Argentine superstar Lionel Messi paid tribute to strike partners Luis Suarez and Neymar after the trio combined to deliver Barcelona a record third Club World Cup title on Sunday — and warned the rest of the world they are not finished yet.

Four-time world player of the year Messi returned from a medical complaint to lead Barcelona to a 3-0 win over South American champions River Plate in Yokohama, scoring the opening goal before Uruguayan Suarez added two more in the second half.

Messi and Neymar were playing their first games in Japan this week, having missed Thursday’s 3-0 semifinal win over Guangzhou Evergrande, and Argentine side River felt the full force of the “MSN” reunion as all three ran riot in front of 66,853 at Nissan Stadium.

“Whenever I play with these two players, whether it’s in the league or a cup game, we always combine really well and the three of us play well together,” said Messi, whose participation in the final was in doubt after missing Thursday’s game with renal colic.

“To win the biggest title of them all with Barcelona makes me very happy. We have more important games coming up and I want to keep getting results. This is a great way to end the year.”

The win gave Barcelona its fifth trophy of 2015 to add to the Champions League, Spanish League, Spanish Cup and European Super Cup, and the result never looked in doubt once Messi had broken the deadlock in the 36th minute.

“We work hard and with respect, and we played a complete game,” said Barcelona’s Croatian midfielder Ivan Rakitic. “It wasn’t easy because our opponents were playing a completely opposite style to us. But we played well and we are really proud to be members of this club and to keep making history.

“It wasn’t easy for Messi after the trouble he had three days ago, but he’s the best in history and that’s not just me saying it — it’s the truth. We are really lucky to have him in the team.”

River arrived in Japan this week with an estimated 15,000 traveling fans, who made their presence felt with a barrage of noise and color starting long before the match kicked off.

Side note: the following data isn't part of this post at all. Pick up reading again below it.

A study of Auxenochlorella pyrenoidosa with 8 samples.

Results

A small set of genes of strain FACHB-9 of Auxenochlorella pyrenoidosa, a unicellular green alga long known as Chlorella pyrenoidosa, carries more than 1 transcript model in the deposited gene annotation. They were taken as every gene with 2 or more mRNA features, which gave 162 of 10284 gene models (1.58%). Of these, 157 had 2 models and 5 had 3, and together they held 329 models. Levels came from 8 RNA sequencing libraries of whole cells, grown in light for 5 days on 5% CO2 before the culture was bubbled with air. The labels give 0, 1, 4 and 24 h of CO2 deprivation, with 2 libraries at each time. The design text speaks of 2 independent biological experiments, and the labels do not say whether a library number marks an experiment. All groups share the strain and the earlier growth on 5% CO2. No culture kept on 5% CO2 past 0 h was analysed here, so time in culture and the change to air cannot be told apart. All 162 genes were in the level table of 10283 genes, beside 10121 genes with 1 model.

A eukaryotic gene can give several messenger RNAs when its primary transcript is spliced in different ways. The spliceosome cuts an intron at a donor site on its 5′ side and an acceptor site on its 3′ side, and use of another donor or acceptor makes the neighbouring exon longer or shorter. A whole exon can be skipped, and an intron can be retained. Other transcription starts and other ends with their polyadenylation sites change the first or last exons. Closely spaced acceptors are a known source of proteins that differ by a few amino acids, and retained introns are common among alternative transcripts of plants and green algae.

Manager Marcelo Gallardo admitted that his side had been outclassed by Barcelona, but also reflected on the strides his club has made in just four years since suffering a first-ever relegation.

“I want to congratulate Barcelona for their victory,” said Gallardo. “They’re a very strong team. We had our game plan, and we were able to execute it for the first 35 minutes before Messi’s first goal. After that, we started to break down a little.

“I feel devastated right now, but in the last six months there have been a lot of positives. We achieved a lot of our goals, so the Club World Cup is really the icing on the cake for us. Unfortunately the tournament came at a time when we weren’t at our peak, but it means something for us to be here.”

The final had extra significance for Barcelona’s Argentine defender Javier Mascherano, who began his career at River and admitted that his powers of professionalism were tested to the limit.

“It was a really difficult game for me, obviously,” said Mascherano, who left River in 2005. “I tried to be as far as possible from the atmosphere, but it was not easy because always you try not to think that you are playing against a former team.

“But football and life is like this. It was a difficult situation for me because sometimes when you play a game like this, everyone is looking at you. I tried to be calm and not think about the team in front of me.”

Barcelona’s players and staff will now take several days off once they return to Spain, and manager Luis Enrique believes they have earned the right to put their feet up.

“I’m very happy,” he said. “I’ve been away from home for a while, but now I will be able to go back and celebrate Christmas with my family and celebrate this victory as well. So the party starts now.

“We have won a lot of titles, but it’s very important how we achieved them. The fans want us to win titles, but the process of how you win those titles is very important to me.”

Barcelona’s latest victory means South American teams have captured only one Club World Cup title in the last nine years, and River goalkeeper Marcelo Barovero believes the cards are stacked in European clubs’ favor.

“The main difference is the economic power that European clubs have,” he said. “It’s completely different. Also they have the capacity to work long-term on a project. Barcelona has been working on the same project for many years now. We were playing against the best team in history.

“They are the best in the world and Messi is the best in history. I was really proud to be able to play against them, but they are too strong. They are the strongest team I have ever played against.”